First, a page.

Fortnite is both a perfect example and the most recent victim. Since Fortnite’s meteoric rise, there have been multiple YouTube videos running as ads that pitch Fortnite players easy ways to get free V-Bucks. (V-Bucks are Fortnite’s premium in-game currency, which lets them purchase limited-edition skins, gear and weapons.) Search “free V-Bucks” in YouTube’s search bar, and more than 4.3 million results will populate.
Of the first top 10 videos that populate, free v bucks no human verification ios eight are obvious scam videos running on seemingly hacked or stolen accounts. These accounts have a couple of videos promising free V-Bucks, followed by videos from five to 10 years ago. These accounts are often abandoned by the original creator. Some of these are livestreams with thousands of active viewers — and each one promises Fortnite players an easy way to gain free in-game currency.
The ads, like the one below, usually bring players to external pages, where they’re asked to provide their email addresses or download an app.
Many of these are phishing schemes, designed to get access to people’s information. These ads are a major problem — and one that won’t be going away anytime soon.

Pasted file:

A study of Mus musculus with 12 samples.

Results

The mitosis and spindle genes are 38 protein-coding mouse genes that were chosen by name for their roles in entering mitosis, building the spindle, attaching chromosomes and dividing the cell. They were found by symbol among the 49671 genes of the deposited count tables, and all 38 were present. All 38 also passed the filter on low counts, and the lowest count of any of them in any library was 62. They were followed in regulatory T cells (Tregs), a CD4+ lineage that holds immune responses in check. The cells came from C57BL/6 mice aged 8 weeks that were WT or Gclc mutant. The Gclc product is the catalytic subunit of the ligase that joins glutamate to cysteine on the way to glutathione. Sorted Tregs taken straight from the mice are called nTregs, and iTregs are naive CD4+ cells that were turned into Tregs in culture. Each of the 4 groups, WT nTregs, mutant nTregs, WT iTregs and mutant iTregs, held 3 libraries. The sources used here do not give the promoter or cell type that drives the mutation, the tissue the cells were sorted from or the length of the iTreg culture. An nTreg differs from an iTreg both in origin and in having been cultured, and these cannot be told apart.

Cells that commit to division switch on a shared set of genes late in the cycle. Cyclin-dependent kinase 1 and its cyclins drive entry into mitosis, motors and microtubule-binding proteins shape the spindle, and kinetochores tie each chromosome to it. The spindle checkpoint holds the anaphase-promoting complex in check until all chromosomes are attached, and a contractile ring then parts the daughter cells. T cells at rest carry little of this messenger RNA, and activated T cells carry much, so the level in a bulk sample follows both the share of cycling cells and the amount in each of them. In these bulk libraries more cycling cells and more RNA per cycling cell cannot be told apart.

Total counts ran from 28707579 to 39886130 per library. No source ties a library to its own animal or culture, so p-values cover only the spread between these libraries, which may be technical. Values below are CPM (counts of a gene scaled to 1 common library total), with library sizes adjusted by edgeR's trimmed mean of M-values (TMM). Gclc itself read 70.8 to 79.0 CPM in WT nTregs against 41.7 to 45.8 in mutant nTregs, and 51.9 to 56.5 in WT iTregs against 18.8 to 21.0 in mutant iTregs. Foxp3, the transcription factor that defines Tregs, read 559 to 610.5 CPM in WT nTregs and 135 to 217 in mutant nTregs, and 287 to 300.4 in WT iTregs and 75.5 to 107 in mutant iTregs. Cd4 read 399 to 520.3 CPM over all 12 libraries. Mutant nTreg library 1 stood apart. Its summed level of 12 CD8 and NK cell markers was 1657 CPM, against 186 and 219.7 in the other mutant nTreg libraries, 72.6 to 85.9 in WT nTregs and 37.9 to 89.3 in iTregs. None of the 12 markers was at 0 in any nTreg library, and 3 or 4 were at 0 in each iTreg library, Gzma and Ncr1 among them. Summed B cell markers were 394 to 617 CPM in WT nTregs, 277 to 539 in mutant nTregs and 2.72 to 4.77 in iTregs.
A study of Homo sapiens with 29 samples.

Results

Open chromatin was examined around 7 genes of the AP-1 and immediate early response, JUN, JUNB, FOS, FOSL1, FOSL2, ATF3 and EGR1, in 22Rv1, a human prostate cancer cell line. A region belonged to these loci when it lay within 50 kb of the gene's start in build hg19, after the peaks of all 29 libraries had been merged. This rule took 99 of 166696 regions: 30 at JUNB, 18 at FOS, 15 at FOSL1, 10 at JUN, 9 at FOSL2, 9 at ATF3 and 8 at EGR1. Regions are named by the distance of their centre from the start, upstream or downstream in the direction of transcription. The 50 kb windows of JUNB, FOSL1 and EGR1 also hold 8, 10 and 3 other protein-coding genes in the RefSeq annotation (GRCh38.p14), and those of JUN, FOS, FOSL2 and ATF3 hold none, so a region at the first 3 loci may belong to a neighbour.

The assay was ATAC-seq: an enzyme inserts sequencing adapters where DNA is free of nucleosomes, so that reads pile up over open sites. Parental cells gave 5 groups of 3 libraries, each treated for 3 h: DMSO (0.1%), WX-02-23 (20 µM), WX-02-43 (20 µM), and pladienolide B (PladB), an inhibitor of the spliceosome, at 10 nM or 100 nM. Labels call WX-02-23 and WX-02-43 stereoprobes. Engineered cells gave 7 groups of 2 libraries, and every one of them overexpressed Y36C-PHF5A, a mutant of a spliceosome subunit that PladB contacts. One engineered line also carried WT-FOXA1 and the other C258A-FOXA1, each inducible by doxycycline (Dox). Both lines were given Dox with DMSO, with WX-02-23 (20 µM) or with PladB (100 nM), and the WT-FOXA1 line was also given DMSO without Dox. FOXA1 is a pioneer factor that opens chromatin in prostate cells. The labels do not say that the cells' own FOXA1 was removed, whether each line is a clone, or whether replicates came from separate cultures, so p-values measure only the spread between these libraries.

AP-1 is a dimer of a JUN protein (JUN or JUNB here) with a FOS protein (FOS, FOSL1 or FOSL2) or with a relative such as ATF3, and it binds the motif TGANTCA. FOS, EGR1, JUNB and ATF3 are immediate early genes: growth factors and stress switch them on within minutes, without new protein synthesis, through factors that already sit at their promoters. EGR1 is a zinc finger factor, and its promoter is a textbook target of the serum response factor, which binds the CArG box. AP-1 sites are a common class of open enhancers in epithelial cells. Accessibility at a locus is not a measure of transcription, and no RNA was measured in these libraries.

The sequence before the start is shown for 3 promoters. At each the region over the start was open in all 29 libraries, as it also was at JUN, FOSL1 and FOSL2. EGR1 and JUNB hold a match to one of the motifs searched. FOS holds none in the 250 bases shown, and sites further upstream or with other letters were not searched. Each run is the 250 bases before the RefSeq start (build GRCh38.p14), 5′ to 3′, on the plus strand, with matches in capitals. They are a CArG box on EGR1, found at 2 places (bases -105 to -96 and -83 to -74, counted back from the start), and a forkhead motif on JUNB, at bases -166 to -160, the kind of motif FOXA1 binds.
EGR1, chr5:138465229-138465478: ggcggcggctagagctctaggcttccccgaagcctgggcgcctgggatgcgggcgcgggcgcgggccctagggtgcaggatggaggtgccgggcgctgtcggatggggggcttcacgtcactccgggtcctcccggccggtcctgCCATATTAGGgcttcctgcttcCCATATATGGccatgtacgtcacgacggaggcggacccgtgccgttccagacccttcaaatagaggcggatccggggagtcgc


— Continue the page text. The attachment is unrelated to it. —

Twitter and Reddit users have complained to YouTube about the issue, citing the video above. But Polygon confirmed DieAgain340’s particular video, which was flagged by multiple people according to Reddit and Twitter, was approved by a reviewer to remain on the site along with many other similar videos. A source with knowledge of the situation told Polygon that multiple members on the YouTube Trust & Safety team, which includes a group of volunteer Trusted Flaggers, “are in no position to apply any strikes, or take any action on these accounts at all, and this is how it’s going to look like going forward.”
When reached for comment, a YouTube spokesperson refuted that statement as inaccurate, saying the team is constantly training the machine to learn how to detect new types of spam and bad actors.
“We detect and remove millions of spam videos with YouTube machine learning algorithms systems and our teams continue to train these systems to adapt to new types of abuse, allowing us to tackle this content at scale,” a YouTube spokesperson told Polygon. “We use teams of highly trained content reviewers to determine whether videos violate our Community Guidelines.. We are committed to removing spam quickly, in many cases, preventing it from ever being viewed by users, while also making sure that we do not harm legitimate creators.”